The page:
Ropes is one expertly crafted thriller with more than a few Hitchcockian traits embedded in the film’s DNA. A single location and a protagonist restricted by their own body recall Rear Window whilst the natural world threat is the kind of thing you’d see in The Birds. This is also a fiercely engaging take on the marauding rabid dog narrative that is perhaps most famous thanks to Stephen Kings’ Cujo (which is not one of the great adaptations of the masters work), and it even reminds of another King work, Gerald’s Game, as night and dehydration leads to unwanted visitors. And there is even something very 2020 to proceedings, with the cause of all the ill being a diseased bat and our hero being trapped in their home, unable to escape.
All this is to say that debut director José Luis Montesinos marshals the film well, working from the script up (co-written by Yako Blesa) to create a visually inventive work that manages to sustain its slight premise with a tense atmosphere dripping with dread. If there is nothing in Ropes that feels particularly fresh this does not stop it from being an engaging, often unnerving thriller that may very well diminish your love for man’s best friend.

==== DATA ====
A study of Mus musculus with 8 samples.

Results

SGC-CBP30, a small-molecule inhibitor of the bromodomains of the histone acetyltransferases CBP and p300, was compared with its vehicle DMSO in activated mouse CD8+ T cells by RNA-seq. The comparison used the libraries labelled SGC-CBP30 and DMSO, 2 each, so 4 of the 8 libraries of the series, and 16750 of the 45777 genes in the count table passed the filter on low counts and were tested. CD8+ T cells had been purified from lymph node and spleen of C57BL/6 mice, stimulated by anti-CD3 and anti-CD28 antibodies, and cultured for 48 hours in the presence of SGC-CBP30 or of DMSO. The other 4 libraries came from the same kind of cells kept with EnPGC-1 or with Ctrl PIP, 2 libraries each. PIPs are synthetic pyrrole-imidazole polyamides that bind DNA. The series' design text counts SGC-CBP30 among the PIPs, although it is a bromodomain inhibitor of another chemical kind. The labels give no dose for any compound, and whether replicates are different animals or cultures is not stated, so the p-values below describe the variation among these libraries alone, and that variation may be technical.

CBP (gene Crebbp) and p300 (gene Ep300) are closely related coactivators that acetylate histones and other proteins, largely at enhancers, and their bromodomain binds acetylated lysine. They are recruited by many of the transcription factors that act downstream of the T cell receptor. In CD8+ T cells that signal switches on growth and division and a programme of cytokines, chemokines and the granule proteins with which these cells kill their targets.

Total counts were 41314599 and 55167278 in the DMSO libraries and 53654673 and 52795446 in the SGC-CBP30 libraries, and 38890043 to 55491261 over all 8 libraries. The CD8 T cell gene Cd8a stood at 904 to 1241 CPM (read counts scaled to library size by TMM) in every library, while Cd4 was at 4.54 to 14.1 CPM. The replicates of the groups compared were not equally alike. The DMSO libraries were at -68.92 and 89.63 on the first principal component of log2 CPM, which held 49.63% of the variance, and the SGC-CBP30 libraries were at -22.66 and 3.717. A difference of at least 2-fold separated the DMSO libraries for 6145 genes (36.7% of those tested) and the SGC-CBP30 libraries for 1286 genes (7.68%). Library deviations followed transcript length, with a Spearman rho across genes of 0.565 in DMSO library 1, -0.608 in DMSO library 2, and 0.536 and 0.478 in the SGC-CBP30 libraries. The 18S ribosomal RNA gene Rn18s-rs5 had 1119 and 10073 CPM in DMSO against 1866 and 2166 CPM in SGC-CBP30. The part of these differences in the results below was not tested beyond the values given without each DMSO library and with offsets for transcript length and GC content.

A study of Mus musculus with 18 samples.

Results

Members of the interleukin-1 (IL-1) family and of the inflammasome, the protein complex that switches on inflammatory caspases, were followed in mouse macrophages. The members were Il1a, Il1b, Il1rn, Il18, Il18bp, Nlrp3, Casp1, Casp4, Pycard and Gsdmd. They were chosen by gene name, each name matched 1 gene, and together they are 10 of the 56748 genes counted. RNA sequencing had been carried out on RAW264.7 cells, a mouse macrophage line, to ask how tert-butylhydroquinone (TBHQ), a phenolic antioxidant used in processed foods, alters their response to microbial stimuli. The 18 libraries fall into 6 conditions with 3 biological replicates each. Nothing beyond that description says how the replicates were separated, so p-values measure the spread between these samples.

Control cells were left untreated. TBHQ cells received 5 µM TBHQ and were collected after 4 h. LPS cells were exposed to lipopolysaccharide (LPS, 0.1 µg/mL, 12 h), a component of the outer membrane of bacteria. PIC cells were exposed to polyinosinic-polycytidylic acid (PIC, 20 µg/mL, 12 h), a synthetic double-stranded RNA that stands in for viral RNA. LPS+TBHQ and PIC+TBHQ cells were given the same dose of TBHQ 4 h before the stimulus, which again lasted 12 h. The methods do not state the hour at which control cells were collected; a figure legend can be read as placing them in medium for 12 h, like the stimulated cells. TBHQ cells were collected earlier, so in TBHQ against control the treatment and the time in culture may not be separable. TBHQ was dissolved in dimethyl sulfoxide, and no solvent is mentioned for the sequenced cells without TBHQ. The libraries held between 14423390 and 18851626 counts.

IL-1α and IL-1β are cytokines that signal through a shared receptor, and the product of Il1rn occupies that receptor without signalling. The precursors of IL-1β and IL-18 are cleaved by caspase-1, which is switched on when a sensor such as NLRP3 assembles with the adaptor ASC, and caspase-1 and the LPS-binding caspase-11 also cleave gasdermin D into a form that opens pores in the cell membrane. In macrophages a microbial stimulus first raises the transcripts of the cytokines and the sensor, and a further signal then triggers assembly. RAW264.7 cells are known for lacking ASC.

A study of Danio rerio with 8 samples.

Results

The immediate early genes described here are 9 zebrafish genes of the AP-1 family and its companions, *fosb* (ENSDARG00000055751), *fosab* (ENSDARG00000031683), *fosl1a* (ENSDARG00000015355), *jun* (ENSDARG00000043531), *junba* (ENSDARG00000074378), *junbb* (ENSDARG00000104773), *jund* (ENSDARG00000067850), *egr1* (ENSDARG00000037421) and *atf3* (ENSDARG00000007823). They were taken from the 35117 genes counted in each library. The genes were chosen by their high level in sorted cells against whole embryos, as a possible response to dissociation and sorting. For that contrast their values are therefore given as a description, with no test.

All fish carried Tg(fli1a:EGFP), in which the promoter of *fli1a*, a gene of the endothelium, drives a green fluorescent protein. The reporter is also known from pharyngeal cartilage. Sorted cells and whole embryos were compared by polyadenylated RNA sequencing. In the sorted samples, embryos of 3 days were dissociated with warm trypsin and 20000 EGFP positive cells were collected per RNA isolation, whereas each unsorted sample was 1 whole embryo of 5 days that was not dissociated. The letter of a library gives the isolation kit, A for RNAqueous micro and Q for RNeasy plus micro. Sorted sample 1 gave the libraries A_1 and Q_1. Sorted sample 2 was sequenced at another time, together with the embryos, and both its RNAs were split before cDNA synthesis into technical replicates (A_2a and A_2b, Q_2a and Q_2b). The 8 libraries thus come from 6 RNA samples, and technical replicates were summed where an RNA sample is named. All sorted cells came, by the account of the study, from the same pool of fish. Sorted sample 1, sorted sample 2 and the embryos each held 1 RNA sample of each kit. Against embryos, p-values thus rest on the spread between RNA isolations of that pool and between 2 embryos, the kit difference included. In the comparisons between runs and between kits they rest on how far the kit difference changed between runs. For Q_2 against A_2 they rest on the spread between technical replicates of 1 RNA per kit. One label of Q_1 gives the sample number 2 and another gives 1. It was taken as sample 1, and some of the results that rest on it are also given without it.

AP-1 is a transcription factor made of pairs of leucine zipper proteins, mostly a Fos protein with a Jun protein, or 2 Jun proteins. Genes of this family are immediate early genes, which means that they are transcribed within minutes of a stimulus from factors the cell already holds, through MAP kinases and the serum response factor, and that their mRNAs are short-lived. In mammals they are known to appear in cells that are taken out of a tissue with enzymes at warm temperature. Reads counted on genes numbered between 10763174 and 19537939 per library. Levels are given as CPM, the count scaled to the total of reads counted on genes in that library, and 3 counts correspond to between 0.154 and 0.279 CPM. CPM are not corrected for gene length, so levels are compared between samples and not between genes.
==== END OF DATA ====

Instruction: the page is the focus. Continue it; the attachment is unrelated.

For the set-up the film relies upon to properly work you need a compelling lead performance. And in this regard Ropes is lucky in that Paula del Rio gives one of the best turns in a genre film this year. A prickly, complicated figure, she nonetheless carries our sympathies through the extensive length of time where she is the only person on screen. The film asks a lot of her, putting del Rio through the ringer both physically and when it explores some of the more complicated aspects of the character’s backstory, and the actor does a tremendous job here.
There has been a steady stream of narratives in recent years that pits characters against vicious animals (Crawl, Burning Bright, The Pool, 47 Metres Down to name four from the past decade). Ropes is one of the better entries thanks to a convincingly constructed narrative and lead performance that carries even the most challenging of moments. This one might not be for dog lovers, but it is sure to sustain genre fans who prefer their films to be almost unbearably tense.